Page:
A Start-of-the-Winter Post for Book Lovers

As autumn ends, hat-covered minds might turn to literature with scenes of Christmas, cold and snow. To cite the title of an Ann Beattie book, we're talking Chilly Scenes of Winter here!

One author who immediately comes to mind is Jack London, given that several of his novels are set in the scary/exhilarating Alaskan and Yukon wilderness. Among them are London's famous The Call of the Wild and White Fang, and his lesser known A Daughter of the Snows and Burning Daylight. Plus the unforgettable short story "To Build a Fire."

While The Call of the Wild is slightly better than the also stellar White Fang, readers who want to end a wintry book in a warmer clime might prefer the latter novel. Thankfully, wolf-dog Fang doesn't don sunglasses after reaching California!

Winter brings Russian novels to mind as well. Two of many examples include Alexander Solzhenitsyn's One Day in the Life of Ivan Denisovich, set in a bitterly cold prison camp; and Leo Tolstoy's War and Peace, which includes the invasion that eventually ends in a snowy debacle for Napoleon and his army.

English novels offer plenty of low temperatures, too. For instance, there's the harsh winter that brings illness and death to many underfed, badly clothed Lowood students in Charlotte Bronte's Jane Eyre, and the deep snow St. John Rivers trudges through to impart major monetary and familial news to Jane in her teacher's cottage.

There are also winter scenes in several Charles Dickens books -- including A Christmas Carol, of course. The magical snowy days at Hogwarts are a periodic staple in J.K. Rowling's Harry Potter series. And how about that Misty Mountains blizzard that hits Frodo, Gandalf and crew in the first book of J.R.R. Tolkien's The Lord of the Rings trilogy?

Canadian novelists also know their way around nippy settings. (I wonder why?) There's the inspiring/bizarre spectacle of Ephraim Gursky -- during his Jewish Eskimo phase! -- mushing around Canada in Mordecai Richler's Solomon Gursky Was Here. The blissful months Valancy Stirling and Barney Snaith spend in their winter-wonderland abode in L.M. Montgomery's The Blue Castle. (If Valancy and Barney wrote a memoir, it would not be called The Winter of Our Discontent.) And the depressing burning of magazines on a very cold day in Margaret Atwood's The Handmaid's Tale -- a novel actually set in a future U.S., not Canada.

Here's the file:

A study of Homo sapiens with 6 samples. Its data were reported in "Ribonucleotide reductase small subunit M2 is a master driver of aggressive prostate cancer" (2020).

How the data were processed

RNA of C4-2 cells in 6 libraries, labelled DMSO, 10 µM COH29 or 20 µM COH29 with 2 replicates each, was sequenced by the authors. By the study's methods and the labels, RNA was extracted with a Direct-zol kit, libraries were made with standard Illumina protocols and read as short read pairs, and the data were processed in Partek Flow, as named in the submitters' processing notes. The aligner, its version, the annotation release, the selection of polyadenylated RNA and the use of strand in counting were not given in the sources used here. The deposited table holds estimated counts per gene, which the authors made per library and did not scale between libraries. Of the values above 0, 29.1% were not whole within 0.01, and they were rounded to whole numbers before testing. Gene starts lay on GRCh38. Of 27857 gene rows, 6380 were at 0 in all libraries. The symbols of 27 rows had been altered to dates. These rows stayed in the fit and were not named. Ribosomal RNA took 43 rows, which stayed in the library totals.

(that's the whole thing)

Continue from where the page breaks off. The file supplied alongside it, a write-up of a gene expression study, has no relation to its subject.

Returning to American authors, there's the poignant moment when a Christmas carol is heard near a church in Ralph Ellison's Invisible Man, the touching Christmas-morning scene in Louisa May Alcott's Little Women, the Christmas-pageant tussle between Molly and Cheryl in Rita Mae Brown's Rubyfruit Jungle and Molly's bitingly cold night in an abandoned car when she arrives in New York City after being forced to leave a Florida college for being gay.

(I just read Rubyfruit Jungle for the first time; it's groundbreaking, and very funny. Thanks to commenters "giftsthatpurr," "gypsynomad," "henriette and hube" and "sabelmouse" for recommending that novel and its author under one of my November posts.)

Or how about Pierre Glendinning's struggle to write in a frigid NYC room in Herman Melville's Pierre? The reception Glendinning's book eventually receives reflects Melville's real-life despair at the way critics and the public dismissed a pre-Pierre novel you may have heard of -- Moby-Dick, which stars a whale the color of ... snow.

Also memorable are the nightmarish sledding accident near the end of Edith Wharton's Ethan Frome, the ultimately happy scene between Walter and the almost-frozen Patty near the end of Jonathan Franzen's Freedom and the boat voyage toward the South Pole that closes Edgar Allan Poe's The Narrative of Arthur Gordon Pym. Oddly, the water in Antarctica keeps getting warmer in that novel by Poe, who does mention extreme cold during another boat voyage in his haunting short story "Ms. Found in a Bottle."

And what about that bitter 19th-century Nebraska winter depicted by Willa Cather in My Antonia? Or Ashima's arrival in frigid New England after a plane ride from India in Jhumpa Lahiri's The Namesake? Or the cold Midwestern temperatures Henry DeTamble often suffers through when bouncing around time in Audrey Niffenegger's The Time Traveler's Wife?

Literature's wintry scenes, whether happy or sad, stick in our minds for obvious reasons: We enjoy seeing characters open Christmas presents or we cringe at the stress that icy conditions heap on shivering protagonists (especially non-affluent ones). Also, it can be satisfying to read about very cold weather in a book when one is sitting in a warm house or apartment. Vicarious chills!

What are some of your favorite novels or other literature with wintry scenes?


Dave Astor's 2012 memoir Comic (and Column) Confessional includes a preface by Heloise and back-cover endorsements by Arianna Huffington, "The Far Side" cartoonist Gary Larson and others. Those three also appear in the partly humorous book, along with other famous columnists and cartoonists and people such as Hillary Clinton, Walter Cronkite, Coretta Scott King and Martha Stewart. If you'd like to buy a personally inscribed copy (for less than the Amazon price), contact Dave at dastor@earthlink.net.